When George Vanderbilt opened Biltmore House for the first time to family and friends on Christmas Eve 1895, it was a special day. The grand celebration began a treasured estate tradition that continues more than a century later.
The first Christmas at Biltmore House was a joyous occasion. Estate records show that Vanderbilt paid close attention to every detail to ensure a memorable holiday experience for his guests. Requests were placed for a large Christmas tree in the Banquet Hall; mistletoe and holly were gathered; and hand-made garlands were hung throughout the house.
Vanderbilt also held a Christmas party for estate employees. Workers and their families were invited to Biltmore House on Christmas morning for a grand party that included cake, ice cream and gifts galore. The Cecil family – Vanderbilt’s descendants and present-day owners of the estate – continues that tradition today, and hosts a holiday celebration for employees and their families.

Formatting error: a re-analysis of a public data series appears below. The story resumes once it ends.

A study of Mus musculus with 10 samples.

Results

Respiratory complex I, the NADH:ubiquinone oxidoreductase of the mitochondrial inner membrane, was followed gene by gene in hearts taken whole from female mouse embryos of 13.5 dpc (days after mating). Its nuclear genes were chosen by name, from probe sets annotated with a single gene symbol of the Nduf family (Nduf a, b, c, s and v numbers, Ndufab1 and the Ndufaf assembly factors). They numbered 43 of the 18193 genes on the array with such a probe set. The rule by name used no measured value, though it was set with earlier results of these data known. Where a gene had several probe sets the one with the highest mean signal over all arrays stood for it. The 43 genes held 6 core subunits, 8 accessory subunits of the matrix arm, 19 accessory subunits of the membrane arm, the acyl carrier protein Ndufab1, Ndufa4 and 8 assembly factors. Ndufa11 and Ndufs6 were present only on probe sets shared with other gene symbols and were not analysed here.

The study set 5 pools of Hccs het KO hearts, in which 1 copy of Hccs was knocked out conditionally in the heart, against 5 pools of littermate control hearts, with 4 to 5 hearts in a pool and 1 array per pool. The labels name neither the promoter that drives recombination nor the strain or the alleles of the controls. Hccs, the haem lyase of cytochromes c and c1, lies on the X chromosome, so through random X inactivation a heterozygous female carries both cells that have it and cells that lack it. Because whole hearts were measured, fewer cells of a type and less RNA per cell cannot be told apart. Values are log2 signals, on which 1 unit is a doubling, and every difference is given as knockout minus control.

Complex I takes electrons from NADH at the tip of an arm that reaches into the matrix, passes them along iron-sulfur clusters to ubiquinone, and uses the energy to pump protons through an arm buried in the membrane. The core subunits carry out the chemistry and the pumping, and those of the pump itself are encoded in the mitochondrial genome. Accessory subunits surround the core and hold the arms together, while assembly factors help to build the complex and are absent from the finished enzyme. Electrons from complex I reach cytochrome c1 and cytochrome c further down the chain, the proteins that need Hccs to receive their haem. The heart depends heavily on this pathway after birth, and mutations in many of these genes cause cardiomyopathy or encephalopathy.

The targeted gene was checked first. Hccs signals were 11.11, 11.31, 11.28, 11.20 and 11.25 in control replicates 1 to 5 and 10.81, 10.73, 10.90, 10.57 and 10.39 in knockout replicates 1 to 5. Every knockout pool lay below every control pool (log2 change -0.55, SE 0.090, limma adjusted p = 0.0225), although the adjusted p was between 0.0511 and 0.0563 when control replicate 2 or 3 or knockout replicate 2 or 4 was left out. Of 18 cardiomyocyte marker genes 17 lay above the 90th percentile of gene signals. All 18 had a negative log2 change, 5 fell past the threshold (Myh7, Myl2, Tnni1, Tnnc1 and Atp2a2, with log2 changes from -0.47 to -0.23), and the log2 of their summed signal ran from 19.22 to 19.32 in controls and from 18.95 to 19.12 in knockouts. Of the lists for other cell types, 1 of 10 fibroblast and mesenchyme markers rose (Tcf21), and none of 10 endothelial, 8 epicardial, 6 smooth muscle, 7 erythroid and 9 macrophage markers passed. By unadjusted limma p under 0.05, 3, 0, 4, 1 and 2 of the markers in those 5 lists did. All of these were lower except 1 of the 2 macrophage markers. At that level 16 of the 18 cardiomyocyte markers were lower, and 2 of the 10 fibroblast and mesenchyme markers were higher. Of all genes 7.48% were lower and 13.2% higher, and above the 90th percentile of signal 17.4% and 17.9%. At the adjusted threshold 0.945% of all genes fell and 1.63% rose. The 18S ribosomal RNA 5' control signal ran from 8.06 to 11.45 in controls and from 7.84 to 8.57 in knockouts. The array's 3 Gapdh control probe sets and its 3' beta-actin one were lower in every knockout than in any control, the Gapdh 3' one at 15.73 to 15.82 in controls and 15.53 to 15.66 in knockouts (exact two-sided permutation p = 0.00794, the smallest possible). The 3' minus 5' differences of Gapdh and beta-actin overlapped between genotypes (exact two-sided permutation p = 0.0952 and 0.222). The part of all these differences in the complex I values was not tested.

The magic of the holidays continues today with Christmas at Biltmore, a special celebration offered in November and December. Known as one of the Southeast’s most elegant and awe-inspiring holiday travel destinations, the modern-day celebration is modeled after the estate’s first Christmas, with miles of garden, hundreds of poinsettias, dozens of Christmas trees and an elaborately decorated 35-foot Fraser fir Christmas tree in the Banquet Hall.
Avid Biltmore fans know to mark their calendars for early November for the raising of the Banquet Hall tree. Santa Claus ushers in the giant Fraser fir on a horse-drawn carriage. Guests and employees alike cheer and clap once the tree has been hoisted into its place of honor in Biltmore House.
Other festivities around the estate during the holiday season include free holiday craft seminars at A Gardener’s Place in the Conservatory, visits with Santa in Antler Hill Village, and the release of Biltmore’s special Christmas wine.
In the evening, the enchantment continues with Candlelight Christmas Evenings. Luminaries dot the Front Lawn of Biltmore House and thousands of tiny white lights adorn the Front Lawn’s 55-foot tall Norway Spruce. Inside the House, soloists and choirs perform traditional Christmas music, with the rooms taking on a magical glow as candles illuminate holiday decor.
Special holiday menus at estate restaurants and holiday packages at the four-star Inn on Biltmore Estate complete the experience and promise a memorable visit.